Here is a top 10 list Twin Cities residents can be happy we are not on — the list of airports where federal Transportation Security Administration agents confiscated the most firearms in 2015.
They found plenty of firearms in carry-on baggage nationwide last year — 2,653 to be exact, or an average of seven per day. That was a 20 percent increase over the 2,212 found in 2014 and continues a steady rise over the past decade. In 2005, agents found just 660.
What might be as equally alarming is that 83 percent of the firearms seized last year were loaded, according to the TSA.
Dallas-Fort Worth International Airport led the way with 153 intercepted guns followed closely by Atlanta (144) and Bush Intercontinental in Houston (100), Denver (90) and Phoenix (73). Nashville and Seattle-Tacoma (59); Dallas Love Field (57); Austin, Texas (54) and Houston Hobby (52) rounded out the top 10.
In comparison, 23 were found at Minneapolis-St. Paul International, the TSA said.
Overall, guns were found at 236 airports nationwide, 12 more than last year.
The jump in illegal firearms could be a result of a huge increase in the number of people flying. TSA agents screened 708 million passengers, up 40.7 million from the previous year. And more passengers mean more bags.
In 2015, TSA scanned 1.6 billion carry-on bags in addition to 432 million checked bags.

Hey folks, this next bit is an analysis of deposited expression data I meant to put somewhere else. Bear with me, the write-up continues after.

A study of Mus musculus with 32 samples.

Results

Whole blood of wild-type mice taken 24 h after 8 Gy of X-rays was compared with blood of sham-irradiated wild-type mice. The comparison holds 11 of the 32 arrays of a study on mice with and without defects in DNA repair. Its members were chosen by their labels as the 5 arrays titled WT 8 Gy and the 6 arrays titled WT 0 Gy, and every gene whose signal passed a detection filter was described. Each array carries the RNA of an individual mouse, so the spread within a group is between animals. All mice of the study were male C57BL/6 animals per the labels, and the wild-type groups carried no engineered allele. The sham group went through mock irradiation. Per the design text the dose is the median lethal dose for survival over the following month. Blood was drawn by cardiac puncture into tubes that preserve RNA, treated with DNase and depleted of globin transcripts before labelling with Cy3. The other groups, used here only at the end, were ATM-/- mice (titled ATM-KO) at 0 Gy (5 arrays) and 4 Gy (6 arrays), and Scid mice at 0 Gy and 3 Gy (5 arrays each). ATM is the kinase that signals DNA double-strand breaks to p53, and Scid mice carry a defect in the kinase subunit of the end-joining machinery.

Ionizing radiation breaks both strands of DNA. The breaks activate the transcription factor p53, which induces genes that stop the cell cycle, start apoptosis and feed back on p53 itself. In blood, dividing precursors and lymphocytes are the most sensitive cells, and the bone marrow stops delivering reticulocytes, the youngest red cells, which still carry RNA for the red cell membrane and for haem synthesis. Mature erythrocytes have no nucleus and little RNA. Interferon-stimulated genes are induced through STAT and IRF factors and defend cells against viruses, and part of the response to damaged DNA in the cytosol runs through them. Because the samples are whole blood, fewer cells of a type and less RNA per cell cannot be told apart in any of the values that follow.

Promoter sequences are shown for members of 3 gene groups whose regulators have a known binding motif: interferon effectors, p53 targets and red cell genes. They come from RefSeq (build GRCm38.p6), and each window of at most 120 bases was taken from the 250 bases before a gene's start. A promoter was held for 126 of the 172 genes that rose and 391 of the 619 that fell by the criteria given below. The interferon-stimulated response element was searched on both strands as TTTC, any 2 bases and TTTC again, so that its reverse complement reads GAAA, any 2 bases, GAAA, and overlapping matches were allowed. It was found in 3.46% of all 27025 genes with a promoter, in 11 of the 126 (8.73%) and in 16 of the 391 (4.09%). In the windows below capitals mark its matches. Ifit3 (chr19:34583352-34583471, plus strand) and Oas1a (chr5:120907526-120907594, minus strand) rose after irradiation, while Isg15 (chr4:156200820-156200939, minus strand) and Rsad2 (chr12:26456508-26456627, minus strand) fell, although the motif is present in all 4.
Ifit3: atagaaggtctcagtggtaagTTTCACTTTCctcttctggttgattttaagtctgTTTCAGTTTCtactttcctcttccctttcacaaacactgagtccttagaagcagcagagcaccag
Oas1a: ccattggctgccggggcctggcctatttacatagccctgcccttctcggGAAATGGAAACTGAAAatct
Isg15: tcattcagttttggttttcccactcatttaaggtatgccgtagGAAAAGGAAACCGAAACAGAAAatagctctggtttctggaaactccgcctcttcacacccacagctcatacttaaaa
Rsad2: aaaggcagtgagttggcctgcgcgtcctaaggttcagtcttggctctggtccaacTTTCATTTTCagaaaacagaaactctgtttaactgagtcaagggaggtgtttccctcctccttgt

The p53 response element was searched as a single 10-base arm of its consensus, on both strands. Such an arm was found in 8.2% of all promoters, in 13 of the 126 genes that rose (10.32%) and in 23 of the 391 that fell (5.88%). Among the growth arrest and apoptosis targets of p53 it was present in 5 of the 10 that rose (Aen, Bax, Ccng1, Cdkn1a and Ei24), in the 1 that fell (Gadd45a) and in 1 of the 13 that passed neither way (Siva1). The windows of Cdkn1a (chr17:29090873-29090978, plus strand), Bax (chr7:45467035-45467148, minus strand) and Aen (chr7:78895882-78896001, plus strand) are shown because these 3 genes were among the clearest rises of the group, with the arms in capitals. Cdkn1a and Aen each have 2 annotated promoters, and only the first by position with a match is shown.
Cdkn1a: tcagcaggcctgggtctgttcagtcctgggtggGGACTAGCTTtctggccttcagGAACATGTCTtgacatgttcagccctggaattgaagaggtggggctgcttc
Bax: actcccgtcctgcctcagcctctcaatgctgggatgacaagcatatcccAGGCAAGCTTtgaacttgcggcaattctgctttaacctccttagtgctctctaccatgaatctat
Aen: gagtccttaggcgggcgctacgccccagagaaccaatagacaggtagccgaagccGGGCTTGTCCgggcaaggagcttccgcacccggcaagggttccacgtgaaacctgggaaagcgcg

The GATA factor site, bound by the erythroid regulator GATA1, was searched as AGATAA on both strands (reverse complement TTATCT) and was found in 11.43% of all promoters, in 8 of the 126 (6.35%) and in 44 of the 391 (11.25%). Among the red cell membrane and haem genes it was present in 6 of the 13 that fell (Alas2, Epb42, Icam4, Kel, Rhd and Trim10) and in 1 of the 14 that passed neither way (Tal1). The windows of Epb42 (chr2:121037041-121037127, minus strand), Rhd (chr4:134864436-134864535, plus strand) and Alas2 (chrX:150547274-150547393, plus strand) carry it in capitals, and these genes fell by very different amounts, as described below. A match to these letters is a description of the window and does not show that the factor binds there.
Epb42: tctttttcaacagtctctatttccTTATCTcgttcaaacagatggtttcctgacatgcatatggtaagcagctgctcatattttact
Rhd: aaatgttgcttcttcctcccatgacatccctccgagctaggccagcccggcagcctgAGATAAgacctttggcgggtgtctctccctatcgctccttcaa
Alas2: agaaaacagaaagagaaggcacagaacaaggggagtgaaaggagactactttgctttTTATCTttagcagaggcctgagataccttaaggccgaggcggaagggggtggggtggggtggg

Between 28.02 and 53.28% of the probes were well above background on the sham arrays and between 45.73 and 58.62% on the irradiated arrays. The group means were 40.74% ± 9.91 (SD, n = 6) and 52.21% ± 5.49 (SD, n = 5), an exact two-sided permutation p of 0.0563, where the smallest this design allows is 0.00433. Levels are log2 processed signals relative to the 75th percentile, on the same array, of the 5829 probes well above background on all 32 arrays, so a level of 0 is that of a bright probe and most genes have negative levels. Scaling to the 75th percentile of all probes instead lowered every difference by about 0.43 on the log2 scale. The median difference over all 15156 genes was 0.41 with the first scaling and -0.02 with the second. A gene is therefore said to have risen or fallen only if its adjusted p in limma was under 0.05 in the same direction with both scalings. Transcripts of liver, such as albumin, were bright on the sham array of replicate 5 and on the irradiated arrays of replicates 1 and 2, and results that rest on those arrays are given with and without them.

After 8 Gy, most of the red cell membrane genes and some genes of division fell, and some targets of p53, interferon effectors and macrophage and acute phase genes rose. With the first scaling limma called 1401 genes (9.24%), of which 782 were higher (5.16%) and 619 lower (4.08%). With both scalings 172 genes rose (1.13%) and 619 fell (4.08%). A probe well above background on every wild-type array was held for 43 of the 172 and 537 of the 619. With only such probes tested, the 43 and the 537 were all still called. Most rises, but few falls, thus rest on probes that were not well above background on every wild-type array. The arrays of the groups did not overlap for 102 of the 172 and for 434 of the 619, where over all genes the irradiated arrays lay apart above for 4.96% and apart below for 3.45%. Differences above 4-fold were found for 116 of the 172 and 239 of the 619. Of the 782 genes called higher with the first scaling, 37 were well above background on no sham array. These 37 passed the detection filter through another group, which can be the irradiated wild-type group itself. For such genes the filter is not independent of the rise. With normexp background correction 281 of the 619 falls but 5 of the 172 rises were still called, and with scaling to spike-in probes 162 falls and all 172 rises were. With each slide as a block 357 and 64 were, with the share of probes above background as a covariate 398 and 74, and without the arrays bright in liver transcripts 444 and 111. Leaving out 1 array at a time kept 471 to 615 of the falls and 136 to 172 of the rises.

Of course, firearms get most of the headlines, but TSA agents found many other hazardous items in travelers’ suitcases — everything from live smoke grenades to knives to marijuana concealed in candy wrappers.
In Orlando, one traveler concealed two handguns, one unassembled rifle, and an unidentified amount of ammunition inside three amplifiers in a checked bag.
The TSA found that passengers went to great lengths to hide their contraband. One passenger tried to conceal a multi-tool inside a hollowed out shaving cream can. Another tried slipping one by in a flashlight.
Perhaps the oddest find was a stowaway dog that turned up in checked luggage at New York’s LaGuardia Airport.
Considering the volume of passengers and the volume of prohibited items TSA agents find, it’s amazing how fast the security lines move. Less than 2 percent of passengers waited in line longer than 20 minutes, the TSA said.